Claire

Claire

Claire is a PhD candidate at the School of Nursing, Faculty of Health Sciences, and the University of Ottawa. Her doctoral work is focused on patient engagement in research, especially engaging frail and/or seriously ill patients as knowledge users. Her other research interests examine how patients and nurses work out the process of identifying problems and self-management in cancer symptom management. Claire is a senior health care leader involved in the starting up, working through, and assessing large-scale programs aimed at improving patient and caregiver outcomes. Claire is also a patient with cancer currently receiving immunotherapy (a type of cancer treatment). She has served as a knowledge user on research projects as a health care administrator and as a patient advisor in the acute treatment phase of her illness.

Researcher






Interviewer: And just tell me what you mean by simulated calls. I’m not sure, I thought I understood, but maybe I don’t.

Okay, so, listening to a nurse providing symptom management support using symptom practice guides. So, over the phone, so, we were looking at that support and how they had incorporated or not incorporated the practice guidelines into their clinical practice. And the other thing that I really enjoyed doing was developing, or providing, feedback into a video of a nurse and a patient as a – it was a teaching video of a nurse providing symptom management support to a patient. So, being able to provide input into that interaction from a patient perspective. And then, that then went into orientation modules for nurses providing symptom management support.

Interviewer: So, really direct impact on the intervention, actually.

Yes, yeah.
 


Learning From Others - Claire 2

Just the, you know, I think we have a lot of assumptions as researchers, and certainly, my experience as a patient has challenged some of those assumptions, like, you know, thinking that perhaps, “This is the way we’re going to do it,” and being respectful of, “Well, actually, that may not work from a patient perspective.” And, “Well, is that actually an important question that the patient has?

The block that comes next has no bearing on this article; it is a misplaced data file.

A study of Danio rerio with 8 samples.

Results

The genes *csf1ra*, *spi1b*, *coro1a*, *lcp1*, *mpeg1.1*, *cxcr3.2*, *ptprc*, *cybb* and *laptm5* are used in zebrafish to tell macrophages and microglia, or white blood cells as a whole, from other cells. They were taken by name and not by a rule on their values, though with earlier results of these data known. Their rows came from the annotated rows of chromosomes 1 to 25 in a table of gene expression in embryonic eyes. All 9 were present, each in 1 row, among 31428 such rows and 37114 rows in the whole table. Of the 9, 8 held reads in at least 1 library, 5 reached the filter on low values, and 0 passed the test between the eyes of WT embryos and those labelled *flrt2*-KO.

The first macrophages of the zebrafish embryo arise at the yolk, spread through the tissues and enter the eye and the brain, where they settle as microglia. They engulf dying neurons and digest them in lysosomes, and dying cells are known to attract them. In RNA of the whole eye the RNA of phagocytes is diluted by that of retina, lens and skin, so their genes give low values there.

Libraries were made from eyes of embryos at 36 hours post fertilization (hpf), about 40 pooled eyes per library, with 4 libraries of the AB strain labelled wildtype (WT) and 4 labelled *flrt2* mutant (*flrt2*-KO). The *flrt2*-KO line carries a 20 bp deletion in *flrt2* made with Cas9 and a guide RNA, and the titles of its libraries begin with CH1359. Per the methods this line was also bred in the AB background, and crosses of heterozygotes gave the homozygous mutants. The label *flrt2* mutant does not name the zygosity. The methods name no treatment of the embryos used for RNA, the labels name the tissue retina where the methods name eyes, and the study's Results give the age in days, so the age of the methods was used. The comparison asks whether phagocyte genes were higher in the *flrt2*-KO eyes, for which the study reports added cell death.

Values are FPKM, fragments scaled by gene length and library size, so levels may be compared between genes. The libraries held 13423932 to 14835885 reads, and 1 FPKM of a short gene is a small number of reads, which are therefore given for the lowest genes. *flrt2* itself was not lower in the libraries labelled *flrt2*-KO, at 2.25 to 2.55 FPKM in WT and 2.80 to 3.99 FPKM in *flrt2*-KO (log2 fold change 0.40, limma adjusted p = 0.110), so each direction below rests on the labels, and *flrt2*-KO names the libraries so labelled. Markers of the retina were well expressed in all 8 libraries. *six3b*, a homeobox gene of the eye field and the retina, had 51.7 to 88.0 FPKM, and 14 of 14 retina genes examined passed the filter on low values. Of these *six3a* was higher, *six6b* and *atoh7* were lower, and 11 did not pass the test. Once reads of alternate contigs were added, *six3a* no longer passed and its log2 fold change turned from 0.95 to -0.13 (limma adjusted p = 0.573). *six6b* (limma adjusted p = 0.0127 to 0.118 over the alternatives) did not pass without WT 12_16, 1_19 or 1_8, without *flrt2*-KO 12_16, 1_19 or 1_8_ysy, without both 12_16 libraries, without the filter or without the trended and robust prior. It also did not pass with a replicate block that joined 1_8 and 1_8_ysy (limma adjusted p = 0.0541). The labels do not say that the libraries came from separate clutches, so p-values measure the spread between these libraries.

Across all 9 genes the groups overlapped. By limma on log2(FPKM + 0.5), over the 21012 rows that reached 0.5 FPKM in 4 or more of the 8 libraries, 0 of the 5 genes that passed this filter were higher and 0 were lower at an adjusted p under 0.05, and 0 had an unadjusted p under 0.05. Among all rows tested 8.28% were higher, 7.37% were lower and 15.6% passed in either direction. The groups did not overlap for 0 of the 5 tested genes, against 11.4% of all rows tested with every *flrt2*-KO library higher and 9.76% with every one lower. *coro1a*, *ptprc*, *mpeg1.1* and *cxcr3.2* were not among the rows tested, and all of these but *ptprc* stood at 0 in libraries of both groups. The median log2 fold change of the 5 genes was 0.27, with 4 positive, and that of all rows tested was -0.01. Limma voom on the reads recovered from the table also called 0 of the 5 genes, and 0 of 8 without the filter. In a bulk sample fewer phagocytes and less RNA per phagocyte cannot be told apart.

So, I reached out to my supervisor who was actually leading the cancer symptom management project, and said “Do you have any work for me? I’m not sure what I can do, but, you know, I need to feel useful, I need to feel like I’m doing something, I’m too sick to work, still, but is there anything that you can get me involved in?” And she said “Oh, you know, this is timely, we have – we’re just now doing a simulated […] analysis with the nurses providing symptom management support to patients using the symptom practice guides.” And, she said “Would you be involved in that – would you be happy to be involved in that?” And I said “Absolutely.” I said “I don’t know what I can do at the moment, but just send it my way.” And, I actually, with her, developed the framework for the analysis, and then, began analyzing the cause. And, it was really through my patent lens, so, my academic and my work, my employment experience, went out the window, and it was really from a patient perspective that I was analyzing these calls. And, in part, I was struggling with the same symptoms. So, severe nausea and vomiting, and I was able to really think about myself as the patient receiving this symptom support, and offer a unique perspective to the analysis.


So, being at team meetings, you know, I think researchers need to be aware that patients may be feeling vulnerable, may be suffering with a loss of self-esteem and really need to, you know, if somebody’s quiet or not contributing, to check-in with them and see, you know, what they’re thinking, what they’re feeling, what input they have, following-up after meetings, I think, is very important, as well. Because, I think, because of that vulnerability, you know, and because of the information that is sometimes discussed in a research environment like, you know, I think of clinical trials, teams where patients are included and, you know, they might be hearing information that’s some unsettling. And so, I think it’s very important for teams to, you know, the team lead to check-in and see how they’re doing.